See/Saw shows how photographs frame and change our perspective on the world.
Taking in photographers from early in the last century to the present day — including artists such as Eugène Atget, Vivian Maier, Roy DeCarava, and Alex Webb — the celebrated writer Geoff Dyer offers a series of moving, witty, prescient, surprising, and intimate encounters with images.
Dyer has been writing about photography for thirty years, and this tour de force of visual scrutiny and stylistic flair gathers his lively, engaged criticism over the course of a decade. A rich addition to Dyer’s The Ongoing Moment, and heir to Roland Barthes’s Camera Lucida, Susan Sontag’s On Photography, and John Berger’s Understanding a Photograph, See/Saw shows how a photograph can simultaneously record and invent the world, revealing a brilliant seer at work. It is a paean to art and art writing by one of the liveliest critics of our day.
See/Saw: Looking at Photographs 2010-2020 will be published in May 2021 by Graywolf (US).
In an April 30, 2021 review in The Wall Street Journal, of Geoff Dyer’s new book, “See/Saw: Looking at Photographs 2010-2020”, Christoph Irmscher writes:
“Geoff Dyer begins his rich new collection of essays with a consideration of “Saint-Cloud, 1924,” a magical picture by the French photographer Eugène Atget (1857-1927), quietly reflective in the way some Rilke poems are… Mr. Dyer’s essays remain focused on just one photograph, each of them beautifully reproduced by Graywolf Press. Intriguingly, the timeless statues of Saint-Cloud lurk behind many of Mr. Dyer’s choices, which reveal a predilection—handled with a degree of self-conscious irony—for impersonal structures, such as houses, streets, and monuments. Thus, Mr. Dyer praises the work of American photographer Bevan Davies (born 1941), whose photographs, in Mr. Dyer’s understanding, exemplify how buildings, if they had cameras, would take pictures of each other.”
About the Author
Geoff Dyer was born in Cheltenham, England, in 1958. He was educated at the local Grammar School and Corpus Christi College, Oxford. He is currently living in Los Angeles where he is Writer in Residence at USC.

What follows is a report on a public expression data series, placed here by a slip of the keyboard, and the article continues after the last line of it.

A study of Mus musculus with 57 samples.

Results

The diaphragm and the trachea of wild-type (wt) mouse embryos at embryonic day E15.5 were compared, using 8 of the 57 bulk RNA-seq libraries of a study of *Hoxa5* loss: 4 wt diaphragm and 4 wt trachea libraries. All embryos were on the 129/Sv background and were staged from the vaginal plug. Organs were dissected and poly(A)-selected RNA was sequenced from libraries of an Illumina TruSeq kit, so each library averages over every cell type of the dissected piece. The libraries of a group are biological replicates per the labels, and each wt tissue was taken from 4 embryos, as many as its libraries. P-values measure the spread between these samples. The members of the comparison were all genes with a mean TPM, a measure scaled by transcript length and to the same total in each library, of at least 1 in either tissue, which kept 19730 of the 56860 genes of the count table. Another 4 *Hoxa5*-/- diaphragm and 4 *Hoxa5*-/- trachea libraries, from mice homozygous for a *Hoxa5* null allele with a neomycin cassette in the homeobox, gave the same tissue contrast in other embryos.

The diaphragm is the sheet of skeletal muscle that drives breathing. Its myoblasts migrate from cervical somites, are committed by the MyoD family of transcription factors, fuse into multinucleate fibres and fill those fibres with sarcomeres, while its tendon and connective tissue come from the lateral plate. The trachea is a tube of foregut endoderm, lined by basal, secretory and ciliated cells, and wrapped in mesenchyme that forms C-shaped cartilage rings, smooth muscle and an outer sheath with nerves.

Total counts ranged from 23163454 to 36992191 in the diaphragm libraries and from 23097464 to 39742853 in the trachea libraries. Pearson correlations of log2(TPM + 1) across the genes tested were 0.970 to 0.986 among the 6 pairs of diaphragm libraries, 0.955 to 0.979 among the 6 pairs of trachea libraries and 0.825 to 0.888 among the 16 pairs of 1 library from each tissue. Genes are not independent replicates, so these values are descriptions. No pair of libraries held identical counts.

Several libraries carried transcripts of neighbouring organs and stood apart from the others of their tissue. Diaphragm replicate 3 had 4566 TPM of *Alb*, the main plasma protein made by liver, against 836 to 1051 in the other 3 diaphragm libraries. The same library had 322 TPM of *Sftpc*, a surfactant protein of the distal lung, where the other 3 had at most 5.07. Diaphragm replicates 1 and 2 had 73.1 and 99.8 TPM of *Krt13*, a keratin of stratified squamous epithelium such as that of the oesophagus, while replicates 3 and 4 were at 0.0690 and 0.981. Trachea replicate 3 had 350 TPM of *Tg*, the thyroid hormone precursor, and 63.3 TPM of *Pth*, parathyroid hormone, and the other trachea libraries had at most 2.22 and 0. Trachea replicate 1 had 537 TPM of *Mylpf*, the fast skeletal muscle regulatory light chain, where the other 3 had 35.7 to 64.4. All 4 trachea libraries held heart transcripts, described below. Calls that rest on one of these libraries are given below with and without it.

He is the author of four novels: Paris Trance, The Search, The Colour of Memory, and Jeff in Venice, Death in Varanasi; a critical study of John Berger, Ways of Telling; two collections of essays, Anglo-English Attitudes and Working the Room; and many genre-defying books: But Beautiful, The Missing of the Somme, Out of Sheer Rage, Yoga For People Who Can’t Be Bothered To Do It, The Ongoing Moment, Zona, about Andrei Tarkovsky’s film Stalker, Another Great Day at Sea: Life Aboard the USS George H W Bush, White Sands: Experiences from the Outside World, The Street Philosophy of Garry Winogrand, and “Broadsword Calling Danny Boy”, about the film Where Eagles Dare. He is the editor of John Berger: Selected Essays, Life with a Capital L: Selected Essays by D H Lawrence, and co-editor, with Margaret Sartor, of What Was True: The Photographs and Notebooks of William Gedney.
A selection of essays from Anglo-English Attitudes and Working the Room entitled Otherwise Known as the Human Condition was published in the US in April 2011 and won the National Book Critics Circle Award for Criticism.
In the fall semester of 2012 he was a Visiting Professor at the University of Iowa, in the fall semester of 2013 he was a Visiting Professor at Columbia University, New York, in 2014 he was a Mellon Distinguished Scholar at Wits University in Johannesburg, and in the Spring semester of 2015 and the Fall semester of 2016 he was a Visiting Professor at the Michener Center for Writers, the University of Texas in Austin. He is currently Writer in Residence at the University of Southern California, Los Angeles.
He is a Fellow of the Royal Society of Literature, an Honorary Fellow of Corpus Christi College, Oxford, and in 2015 was elected to the American Academy of Arts and Sciences.
His new book See/Saw: Looking at Photographs is published in April by Canongate (UK) and in May by Graywolf (US).